In my denim skirt, floral blouse and old olive-green flats, I sit beside Scott in a small glass bank office. We are applying for our first mortgage pre-approval. While I whisper my secret salary to the stranger across the desk, soccer moms kick carts of Diet Coke and Cool Ranch Doritos by, peering in on me as if my mortgage application were somehow a reminder of their fat lazy husbands at home who refuse to mow the lawn or take that shit in the basement to the dump like they promised last July. Our bank is inside a grocery store, a florescent, bleach-scented, super-sized grocery store.
"We're going to do what his brother did a few years ago when he bought his first house, which is, we are not going to pay a down payment. There's some special deal for Massachusetts public school teachers with good credit." I explain.
"Oh. I haven't heard of that. But I wouldn't be surprised if it existed." The teller typing our application says. The edges of his lips pointing down, his shoulders jolting upwards.
One week later, we receive the official call from the loan officer. We have been pre-approved for $175,000. A respectable amount of money for someone looking to buy a rare, refurbished 1937 Cadillac; a lot of cocaine; or a healthy Caucasian purebred baby boy. It is not, however, very much for a house.
Soon realtors are involved.
At one homestead, I sing these words to the tune of London Bridge.
This house is falling down, falling down, falling down, this house is falling down, we should leave.
The teacher plan does not exist, we come to find out, and the lowest possible downpayment percentage we could maybe muster would be for 3.5%, which sounds small and innocent, but actually amounts to thousands and thousands of dollars. We do not have thousands and thousands of dollars.
Pretty soon, parents are involved, generously offering to loan us the money for a down payment. We thank them, quietly punching the nerves that jump and flip on our digesting frozen pizza dinners like homeless kids on a floor model trampoline at Sears. And we continue searching and scrolling the internet for sweet little houses and funky downtown condos.
Buy before April 30th to get the first time home owners $8000 tax credit! (Rush, hurry and scurry so that you accidentally buy this dump yard house in this dangerous un-sellable neighborhood of foreclosed houses, which are currently sheltering scary squatting drug dealers and child molesting jailbreaks.) Selling as is. Needs TLC. (Needs Trampy Lady Cocottes to fully transform this pimp's dream into an illegal reality.)
On Saturday, I take $20 out of the ATM, but I nearly shove the bill back into the machine when I look at the receipt. It reads,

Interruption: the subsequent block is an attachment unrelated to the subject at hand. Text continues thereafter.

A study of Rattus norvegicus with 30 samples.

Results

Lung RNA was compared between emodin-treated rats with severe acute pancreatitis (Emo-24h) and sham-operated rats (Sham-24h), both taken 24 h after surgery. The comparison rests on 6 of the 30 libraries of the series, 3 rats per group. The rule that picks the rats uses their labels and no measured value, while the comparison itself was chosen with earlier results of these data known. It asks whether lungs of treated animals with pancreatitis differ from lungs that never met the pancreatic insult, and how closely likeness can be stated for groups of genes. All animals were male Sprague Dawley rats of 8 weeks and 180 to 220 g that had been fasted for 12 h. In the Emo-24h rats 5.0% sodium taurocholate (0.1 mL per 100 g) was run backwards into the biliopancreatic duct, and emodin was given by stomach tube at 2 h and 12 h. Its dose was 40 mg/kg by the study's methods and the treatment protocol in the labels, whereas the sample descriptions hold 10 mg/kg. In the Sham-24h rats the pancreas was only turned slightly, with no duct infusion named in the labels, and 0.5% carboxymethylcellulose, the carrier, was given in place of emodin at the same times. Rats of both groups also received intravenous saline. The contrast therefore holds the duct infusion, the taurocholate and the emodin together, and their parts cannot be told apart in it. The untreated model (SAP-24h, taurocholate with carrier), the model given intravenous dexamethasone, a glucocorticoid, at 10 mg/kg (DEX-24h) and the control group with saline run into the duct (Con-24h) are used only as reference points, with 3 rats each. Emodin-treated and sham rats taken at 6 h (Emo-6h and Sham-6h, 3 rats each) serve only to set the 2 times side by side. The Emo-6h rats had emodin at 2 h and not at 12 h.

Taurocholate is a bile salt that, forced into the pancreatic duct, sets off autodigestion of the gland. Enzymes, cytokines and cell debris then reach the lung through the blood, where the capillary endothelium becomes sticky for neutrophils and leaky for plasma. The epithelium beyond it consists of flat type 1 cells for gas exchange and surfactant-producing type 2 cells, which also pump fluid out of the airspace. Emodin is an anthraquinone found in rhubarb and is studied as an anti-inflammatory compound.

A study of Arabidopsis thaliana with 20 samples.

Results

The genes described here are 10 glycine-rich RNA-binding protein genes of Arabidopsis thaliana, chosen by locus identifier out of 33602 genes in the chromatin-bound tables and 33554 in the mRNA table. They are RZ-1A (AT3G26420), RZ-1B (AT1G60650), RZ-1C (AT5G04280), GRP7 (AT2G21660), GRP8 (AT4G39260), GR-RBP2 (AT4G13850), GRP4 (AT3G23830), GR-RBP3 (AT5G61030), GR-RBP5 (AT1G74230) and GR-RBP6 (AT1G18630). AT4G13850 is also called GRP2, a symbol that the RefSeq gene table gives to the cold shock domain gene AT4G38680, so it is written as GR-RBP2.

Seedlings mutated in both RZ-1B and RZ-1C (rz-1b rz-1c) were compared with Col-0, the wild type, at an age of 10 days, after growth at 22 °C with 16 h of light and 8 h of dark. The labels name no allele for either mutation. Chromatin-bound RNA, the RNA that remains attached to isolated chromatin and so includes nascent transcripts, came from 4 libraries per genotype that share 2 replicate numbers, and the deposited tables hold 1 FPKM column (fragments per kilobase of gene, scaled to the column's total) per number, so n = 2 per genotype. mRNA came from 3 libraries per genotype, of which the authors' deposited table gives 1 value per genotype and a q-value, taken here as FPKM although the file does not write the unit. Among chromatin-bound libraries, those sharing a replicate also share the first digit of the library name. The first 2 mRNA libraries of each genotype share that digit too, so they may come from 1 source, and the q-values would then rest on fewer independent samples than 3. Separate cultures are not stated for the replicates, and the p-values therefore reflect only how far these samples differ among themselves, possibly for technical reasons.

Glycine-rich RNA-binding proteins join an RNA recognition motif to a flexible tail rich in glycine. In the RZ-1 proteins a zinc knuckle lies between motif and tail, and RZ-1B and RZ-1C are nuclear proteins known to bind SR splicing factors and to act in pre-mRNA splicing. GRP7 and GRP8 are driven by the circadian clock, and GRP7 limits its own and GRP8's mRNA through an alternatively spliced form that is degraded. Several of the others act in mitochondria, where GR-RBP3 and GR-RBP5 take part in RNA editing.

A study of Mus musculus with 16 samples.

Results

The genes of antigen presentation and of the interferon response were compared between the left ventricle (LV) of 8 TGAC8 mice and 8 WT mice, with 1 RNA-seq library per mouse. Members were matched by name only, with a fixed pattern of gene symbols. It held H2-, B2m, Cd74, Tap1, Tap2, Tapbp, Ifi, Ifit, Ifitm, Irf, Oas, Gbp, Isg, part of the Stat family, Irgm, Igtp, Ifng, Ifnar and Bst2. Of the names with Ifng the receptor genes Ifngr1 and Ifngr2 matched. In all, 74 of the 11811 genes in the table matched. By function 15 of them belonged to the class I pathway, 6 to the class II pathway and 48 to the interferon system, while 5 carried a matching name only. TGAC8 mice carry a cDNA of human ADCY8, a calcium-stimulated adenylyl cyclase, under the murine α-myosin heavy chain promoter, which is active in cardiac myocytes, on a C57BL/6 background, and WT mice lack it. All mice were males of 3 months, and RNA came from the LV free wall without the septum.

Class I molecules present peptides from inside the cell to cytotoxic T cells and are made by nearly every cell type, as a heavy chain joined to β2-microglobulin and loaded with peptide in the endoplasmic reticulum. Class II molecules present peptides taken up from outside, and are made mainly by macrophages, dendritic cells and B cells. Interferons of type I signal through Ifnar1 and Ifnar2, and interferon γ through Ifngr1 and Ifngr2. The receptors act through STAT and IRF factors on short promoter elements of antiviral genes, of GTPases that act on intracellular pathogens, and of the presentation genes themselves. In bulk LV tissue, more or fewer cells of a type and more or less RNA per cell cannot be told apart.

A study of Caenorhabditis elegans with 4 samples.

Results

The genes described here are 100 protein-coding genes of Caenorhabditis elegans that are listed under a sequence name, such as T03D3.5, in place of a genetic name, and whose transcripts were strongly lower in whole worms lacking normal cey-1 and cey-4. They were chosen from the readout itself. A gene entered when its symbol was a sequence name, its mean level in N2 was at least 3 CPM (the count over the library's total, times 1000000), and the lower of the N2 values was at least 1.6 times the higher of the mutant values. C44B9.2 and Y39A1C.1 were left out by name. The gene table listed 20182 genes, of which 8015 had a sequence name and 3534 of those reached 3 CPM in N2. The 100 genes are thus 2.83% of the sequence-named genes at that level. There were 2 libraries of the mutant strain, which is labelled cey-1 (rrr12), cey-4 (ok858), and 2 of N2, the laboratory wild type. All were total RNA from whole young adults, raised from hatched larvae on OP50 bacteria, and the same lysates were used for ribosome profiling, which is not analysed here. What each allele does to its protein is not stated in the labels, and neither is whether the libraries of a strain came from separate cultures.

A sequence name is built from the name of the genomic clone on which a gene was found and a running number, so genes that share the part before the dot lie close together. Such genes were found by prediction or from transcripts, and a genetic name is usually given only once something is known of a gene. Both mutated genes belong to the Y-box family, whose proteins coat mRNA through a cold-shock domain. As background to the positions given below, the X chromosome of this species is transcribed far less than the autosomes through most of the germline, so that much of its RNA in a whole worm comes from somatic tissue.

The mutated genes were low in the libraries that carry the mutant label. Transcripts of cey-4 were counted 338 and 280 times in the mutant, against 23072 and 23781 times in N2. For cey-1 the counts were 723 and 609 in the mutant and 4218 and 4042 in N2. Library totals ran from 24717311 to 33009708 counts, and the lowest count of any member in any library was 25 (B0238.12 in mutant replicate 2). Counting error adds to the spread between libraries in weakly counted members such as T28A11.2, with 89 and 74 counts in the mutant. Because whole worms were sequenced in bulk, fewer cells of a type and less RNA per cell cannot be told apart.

Balance: $YOU ARE BROKE.00.
The next day, we see three condos. Afterwards, I carry a bag of collected coins, equalling $6.76, into the grocery store.
"Is milk a necessity?" Scott asks, carrying a small red, plastic basket.
"Many people would say it is. I want it for coffee."
"But coffee isn't a necessity."
"It is to me."
We buy a loaf of pumpernickel bread from the day old bakery shelf for $1.47, along with a mixed bag of bagels for $2.14. Luckily, we still have some butter and jelly at home from before I spontaneously quit my job, which I will explain... I spontaneously quit my job because I could no longer tolerate the squealing noise of my new manager. I was going to become a part time employee. She had said it would be fine, but a week later, after I accepted my new part time job, she changed her mind. I had to quit or stay a full time employee.
"Looks like you have a decision to make." She said in a pitch of pink and yellow polka dots.
"Ok...then I give my two weeks." I said in red, to clash.
Scott wasn't proud of me. I thought he might be. I hoped he would be, but he wasn't. He is far more a realist than an individual rights rallyer. "How are we going to live?" He asked me, flatly frowning.
"I don't know! But I can't work for her anymore!" I yelled to him across the backyard.
My resume and I often say that I cannot stay at one place of employment for very long. I get itchy and aggravated. I don't understand how people can stay at the same job doing the same thing for so many years.
"Ever been homeless?" A young man in the break room asked me after I explained to him my need for frequent flight.
"No." I told him.
"It keeps you from quitting your job."
After shopping, we crunch and crunch the numbers, but eventually we realize that even the smallest six-digit dollar sum is still too stubbornly stiff for us to swallow. What are we thinking? We can't buy a house right now. We can barely afford to buy day-old bread from the Big Ugly Grocery Store's sticky, dusty discounted shelves.